Philipp Grubauer exalts in his first postseason triumph. (John McDonnell/The Washington Post)

When the final words to the national anthem had been sung, goaltender Philipp Grubauer turned around, leaned over and stared ahead. Behind him, the Washington Capitals readied themselves for Game 2 of the Eastern Conference quarterfinals. All around him, Verizon Center roared, the first of many such moments Friday night. But Grubauer waited, motionless. Five seconds passed. Ten seconds. Fifteen seconds. It was the first NHL playoff game of his career. He wasn’t soaking in the moment. He was focusing, like he did before all the rest.

“Amazing,” he said later. “Amazing. All I can say is hell of a game.”

The circumstances called for a man of unflinching resolve, and in a 4-3 victory the Capitals found their answer in the form of the first German-born netminder to ever start a playoff game in goal, the 23-year-old who had arrived to the rink still unsure whether he would even see the ice. The drama had unspooled all day, beginning with the announcement of Grubauer’s recall, frothing when starter Braden Holtby missed the morning skate, lingering until the Capitals charged onto the ice for pregame warmups, led by the option who had spent almost the entire season in the minor leagues.

Forward Tom Wilson, who played 7-plus minutes in his return from a head injury, said he knew Holtby would miss Game 2 with an illness when he came to the rink and saw only Grubauer and Justin Peters’ names on the extra-wide locker stalls. Grubauer said he was warned in the morning that he would be the choice if Holtby couldn’t go, but still had no clue when he entered the building.

Team trainers and doctors had stayed in contact with Holtby throughout the afternoon, Coach Barry Trotz said, and eventually Holtby made the decision himself. A bug had raged even before Game 1, likely worsened in the 4-1 loss. After a season defined by remarkable endurance, Holtby judged himself unfit to play. The spotlight, instead, would belong to Grubauer.

“I can’t put myself in those shoes,” Trotz said. “That’s the great trait of a goalie is that you’re not overwhelmed by the moment or the situation. That’s what I liked about Philipp is he came in and played and did a good job.”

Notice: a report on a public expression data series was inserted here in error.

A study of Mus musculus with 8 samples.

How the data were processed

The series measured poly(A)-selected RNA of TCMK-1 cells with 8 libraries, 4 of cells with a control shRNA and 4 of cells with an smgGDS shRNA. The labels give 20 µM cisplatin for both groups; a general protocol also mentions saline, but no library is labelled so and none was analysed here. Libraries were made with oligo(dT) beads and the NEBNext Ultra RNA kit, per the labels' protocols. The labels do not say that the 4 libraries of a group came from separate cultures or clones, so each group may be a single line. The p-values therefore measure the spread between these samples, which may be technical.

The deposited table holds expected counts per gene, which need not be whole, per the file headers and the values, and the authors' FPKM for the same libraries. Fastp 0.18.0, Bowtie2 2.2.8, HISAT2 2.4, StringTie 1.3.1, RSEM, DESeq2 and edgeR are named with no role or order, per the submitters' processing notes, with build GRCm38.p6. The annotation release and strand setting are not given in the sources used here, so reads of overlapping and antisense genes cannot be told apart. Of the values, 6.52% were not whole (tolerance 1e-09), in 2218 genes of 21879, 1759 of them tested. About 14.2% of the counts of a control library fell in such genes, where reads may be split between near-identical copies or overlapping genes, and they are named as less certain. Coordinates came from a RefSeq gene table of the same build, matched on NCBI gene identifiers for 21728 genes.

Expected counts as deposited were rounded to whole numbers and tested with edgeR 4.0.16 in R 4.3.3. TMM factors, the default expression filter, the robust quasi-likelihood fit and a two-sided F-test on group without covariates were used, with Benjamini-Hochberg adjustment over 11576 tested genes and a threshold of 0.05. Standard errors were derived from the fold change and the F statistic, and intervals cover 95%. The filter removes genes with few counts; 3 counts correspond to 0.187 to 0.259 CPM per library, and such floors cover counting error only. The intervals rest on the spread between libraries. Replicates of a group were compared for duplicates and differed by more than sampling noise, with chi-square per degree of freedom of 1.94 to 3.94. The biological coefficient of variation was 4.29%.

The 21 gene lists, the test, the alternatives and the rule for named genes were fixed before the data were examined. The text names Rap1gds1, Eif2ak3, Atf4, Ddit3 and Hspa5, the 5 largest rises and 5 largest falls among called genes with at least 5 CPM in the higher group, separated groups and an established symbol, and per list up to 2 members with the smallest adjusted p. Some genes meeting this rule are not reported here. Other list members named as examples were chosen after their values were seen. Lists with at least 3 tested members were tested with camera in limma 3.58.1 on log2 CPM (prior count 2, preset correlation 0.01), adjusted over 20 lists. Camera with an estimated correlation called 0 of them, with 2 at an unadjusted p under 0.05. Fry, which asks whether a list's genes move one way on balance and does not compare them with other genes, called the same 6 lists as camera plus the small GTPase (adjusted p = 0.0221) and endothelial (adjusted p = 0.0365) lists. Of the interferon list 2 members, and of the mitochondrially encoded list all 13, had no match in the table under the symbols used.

Indeed, when Grubauer meandered through the horde of cameras awaiting his presence, he sounded like he was being interviewed after finishing his homework. He had only faced 21 shots and allowed three to strike the net, but none cracked him during the critical third period. He had anchored the Capitals toward tying the series at 1-1. How in the world did he ready himself for this?

“Just like every other game,” he said. “I prepared and as soon as the puck drops it’s all about business.”

And what went through his mind after Kyle Okposo cranked a top-shelf shot during the second period that, once again, gave the Islanders a two-goal lead?

“Nothing,” he said. ‘Make the next save. That’s all.”

And what advice did the Capitals offer him before the biggest game of his life?

“No advice,” he said. “I’ve played enough games last year and one game this year. Just like every other game.”

Sure. Whatever you say. And so we turn to his teammates, the ones who had spent all season calling Holtby “the backbone” of their team, and now found themselves grasping for more superlatives to describe the newest hero.

“Great job,” forward Jay Beagle said. “I mean, unreal. It was a game where there’s alto of pressure, he gets called up and he just stood on his head. He was awesome.”

“He’s a great goalie,” Wilson said. “We’ve seen it. Over the past two years he’s come up and played well for us. We weren’t really expecting anything different. He comes in and we play the same way and he did his job and made some big saves back there for us.”

“He earned some pride,” defenseman Mike Green said. “He played unbelievable tonight. He came up and made some big saves.”

The last time Grubauer stood inside the home dressing room, he packed fast and returned to Hershey after a shootout win over Anaheim, a one-time-only recall as a test subject in early February, to see what he could do in his 20th NHL appearance. Now, he would join the Capitals on their flight to Long Island, where Game 3 awaited. Holtby would come too, his status still uncertain. Trotz was “more optimistic than I was this morning” that Holtby could start Sunday afternoon, “but we’ll have to see,” joking that the Long Island air and sunshine would do him good.

Still, with Grubauer backstopping the miraculous comeback, thrust into the heat of the first round and emerging still calm and collected, the Capitals found confidence in the alternative too.

“I put a lot of pressure on me, wanted to win this game, and the team needs that,” Grubauer said. “If we would’ve lost this game, it would’ve been 2-0 for those guys and it’s tough to come back. It was a hell of a game today.”